I Took A Hip-Hop Class And Learned More About The Genre Than I Thought Possible

I Took A Hip-Hop Class And Learned More About The Genre Than I Thought Possible

These last few weeks at Florida State, I took a hip-hop class. Here's some of what I learned.

My first exposure to hip hop had to be in the early 2000s when I was old enough to like music and understand the words. My mom was quick to turn off any hip hop, claiming it was dirty and harmful and we would not be listening to it. I grew up with the idea that this music was for gangsters, drug dealers, and criminals. Surprisingly, my mom was right.

Hip hop started as a musical expression in the Bronx in the '70s. Mixing beats and scratching disks become a new fad, and it made people dance. As the culture adopted the music as its own, it started to exemplify more of what the people were going through; what started off as dance party music became social commentary.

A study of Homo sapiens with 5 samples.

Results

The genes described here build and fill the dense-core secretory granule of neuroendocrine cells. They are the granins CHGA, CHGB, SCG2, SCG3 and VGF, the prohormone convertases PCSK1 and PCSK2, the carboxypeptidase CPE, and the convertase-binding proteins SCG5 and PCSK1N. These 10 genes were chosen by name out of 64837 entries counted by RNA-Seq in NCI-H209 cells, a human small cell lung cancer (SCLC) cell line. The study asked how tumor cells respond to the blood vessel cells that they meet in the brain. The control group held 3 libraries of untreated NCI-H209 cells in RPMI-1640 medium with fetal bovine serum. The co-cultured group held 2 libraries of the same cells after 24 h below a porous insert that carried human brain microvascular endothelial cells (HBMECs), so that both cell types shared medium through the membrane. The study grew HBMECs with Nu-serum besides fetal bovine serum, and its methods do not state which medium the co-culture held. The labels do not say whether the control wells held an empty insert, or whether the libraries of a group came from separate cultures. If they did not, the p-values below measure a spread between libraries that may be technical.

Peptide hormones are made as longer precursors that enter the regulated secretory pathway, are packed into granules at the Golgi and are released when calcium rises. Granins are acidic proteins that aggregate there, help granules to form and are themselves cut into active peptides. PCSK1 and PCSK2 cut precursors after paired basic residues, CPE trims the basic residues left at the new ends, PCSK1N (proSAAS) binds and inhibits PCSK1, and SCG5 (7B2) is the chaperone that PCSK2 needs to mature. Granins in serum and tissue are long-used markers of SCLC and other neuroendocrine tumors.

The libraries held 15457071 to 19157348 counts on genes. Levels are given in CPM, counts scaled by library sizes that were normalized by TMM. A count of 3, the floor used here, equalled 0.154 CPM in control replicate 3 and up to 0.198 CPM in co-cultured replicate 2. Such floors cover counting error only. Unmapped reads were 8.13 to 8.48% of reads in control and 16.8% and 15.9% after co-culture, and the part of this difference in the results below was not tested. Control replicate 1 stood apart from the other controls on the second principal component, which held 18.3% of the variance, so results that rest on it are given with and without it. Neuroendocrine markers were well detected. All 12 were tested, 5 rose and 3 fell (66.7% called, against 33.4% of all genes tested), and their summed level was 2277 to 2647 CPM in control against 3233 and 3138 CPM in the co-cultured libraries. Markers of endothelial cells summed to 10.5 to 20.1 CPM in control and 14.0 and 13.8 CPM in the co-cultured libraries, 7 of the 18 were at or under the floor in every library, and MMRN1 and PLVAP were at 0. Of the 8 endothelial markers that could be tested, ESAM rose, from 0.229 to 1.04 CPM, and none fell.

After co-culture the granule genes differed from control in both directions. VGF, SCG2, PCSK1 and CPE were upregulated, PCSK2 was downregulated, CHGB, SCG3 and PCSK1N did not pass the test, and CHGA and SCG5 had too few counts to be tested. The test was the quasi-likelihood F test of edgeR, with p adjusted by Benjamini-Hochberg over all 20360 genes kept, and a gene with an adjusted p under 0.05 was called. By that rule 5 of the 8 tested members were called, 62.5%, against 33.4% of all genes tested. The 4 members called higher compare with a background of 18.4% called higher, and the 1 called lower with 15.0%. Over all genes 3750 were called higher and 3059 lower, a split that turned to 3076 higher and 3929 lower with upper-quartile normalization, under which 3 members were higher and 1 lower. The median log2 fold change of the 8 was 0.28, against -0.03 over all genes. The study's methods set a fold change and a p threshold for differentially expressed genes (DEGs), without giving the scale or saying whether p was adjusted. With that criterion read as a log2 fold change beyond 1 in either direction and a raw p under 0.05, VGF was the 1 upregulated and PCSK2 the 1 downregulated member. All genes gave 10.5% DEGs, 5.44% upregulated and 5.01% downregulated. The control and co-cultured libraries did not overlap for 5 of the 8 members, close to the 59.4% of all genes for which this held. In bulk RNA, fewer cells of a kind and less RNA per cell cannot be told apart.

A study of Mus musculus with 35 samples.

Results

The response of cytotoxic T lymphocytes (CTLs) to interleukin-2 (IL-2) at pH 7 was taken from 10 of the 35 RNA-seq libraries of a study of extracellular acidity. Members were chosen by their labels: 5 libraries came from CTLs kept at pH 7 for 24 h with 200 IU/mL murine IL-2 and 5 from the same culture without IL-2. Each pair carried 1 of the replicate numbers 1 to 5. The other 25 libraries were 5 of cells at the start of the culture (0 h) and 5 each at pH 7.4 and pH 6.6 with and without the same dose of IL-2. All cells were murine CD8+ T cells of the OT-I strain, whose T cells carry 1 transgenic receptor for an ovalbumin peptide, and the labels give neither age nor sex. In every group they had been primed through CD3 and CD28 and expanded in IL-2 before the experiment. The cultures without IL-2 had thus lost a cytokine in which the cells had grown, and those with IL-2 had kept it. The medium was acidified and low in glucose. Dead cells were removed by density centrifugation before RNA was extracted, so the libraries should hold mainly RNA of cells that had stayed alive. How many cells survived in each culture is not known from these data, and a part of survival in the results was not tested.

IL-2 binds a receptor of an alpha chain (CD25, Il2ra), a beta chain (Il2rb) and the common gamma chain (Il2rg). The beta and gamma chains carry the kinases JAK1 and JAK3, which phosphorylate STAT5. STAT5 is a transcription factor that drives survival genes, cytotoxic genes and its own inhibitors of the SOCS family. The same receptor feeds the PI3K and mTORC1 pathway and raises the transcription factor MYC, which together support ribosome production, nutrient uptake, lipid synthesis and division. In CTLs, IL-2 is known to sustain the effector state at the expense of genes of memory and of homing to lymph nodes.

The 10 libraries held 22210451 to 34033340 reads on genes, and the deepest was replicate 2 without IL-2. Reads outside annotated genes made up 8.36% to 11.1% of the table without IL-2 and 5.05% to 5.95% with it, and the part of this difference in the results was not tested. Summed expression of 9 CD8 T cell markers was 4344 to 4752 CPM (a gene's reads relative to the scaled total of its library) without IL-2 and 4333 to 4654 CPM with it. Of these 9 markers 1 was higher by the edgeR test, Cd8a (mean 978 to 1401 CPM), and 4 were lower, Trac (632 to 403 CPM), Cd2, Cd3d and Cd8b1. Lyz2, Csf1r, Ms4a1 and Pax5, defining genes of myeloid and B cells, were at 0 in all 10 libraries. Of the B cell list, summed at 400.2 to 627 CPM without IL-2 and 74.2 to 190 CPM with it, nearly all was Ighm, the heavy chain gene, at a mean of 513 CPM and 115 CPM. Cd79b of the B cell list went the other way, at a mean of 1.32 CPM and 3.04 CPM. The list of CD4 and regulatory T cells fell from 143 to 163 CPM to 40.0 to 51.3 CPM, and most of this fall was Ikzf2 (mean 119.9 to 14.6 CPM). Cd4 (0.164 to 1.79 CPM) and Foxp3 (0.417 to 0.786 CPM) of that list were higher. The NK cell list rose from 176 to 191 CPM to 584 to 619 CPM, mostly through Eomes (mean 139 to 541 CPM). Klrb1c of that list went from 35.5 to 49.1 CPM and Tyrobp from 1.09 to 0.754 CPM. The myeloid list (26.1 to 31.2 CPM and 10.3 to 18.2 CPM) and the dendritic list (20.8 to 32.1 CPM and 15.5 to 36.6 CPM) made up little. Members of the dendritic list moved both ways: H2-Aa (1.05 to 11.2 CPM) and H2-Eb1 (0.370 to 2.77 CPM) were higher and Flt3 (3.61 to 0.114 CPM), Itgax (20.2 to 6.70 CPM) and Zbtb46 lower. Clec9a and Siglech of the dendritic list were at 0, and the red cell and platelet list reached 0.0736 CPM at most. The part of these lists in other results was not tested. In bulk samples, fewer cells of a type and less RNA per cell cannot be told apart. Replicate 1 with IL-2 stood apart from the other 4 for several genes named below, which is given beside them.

In the '80s, with the onset of crack cocaine in poorer communities, the music talked about drugs and all the things that came with it: guns, power, and delinquency. For those struggling in these communities, they saw that the only way to have power was to either sell drugs or sell music; the most influential people were doing both. Dodging the law and killing anyone that got in your way became a source of pride, and the deviance that resulted from this culture shift still affects us today.

It's hard to tell whether this music genre is improving or not. Artists like Kendrick Lamar and J. Cole remind us what it means to have the talent and take your skills seriously, while others (Teka$hi 69, 'Lil' anyone) continue to disappoint us with violent, misogynistic, ignorant lyrics.

I'm all for a good time; I love fighting sports and letting loose, and getting "lit," but refusing to demand more from our artists will only make us worse. American college students are not the only ones that listen to this music; international and younger crowds also consume it, it has a tiny effect on how they think. When that tiny effect is present in thousands or even millions of people, it can be the spark of serious social issues.

Less misogyny and violence in the lyrics will only continue to have positive effects for those that listen to it, which, even if you don't, someone around you does.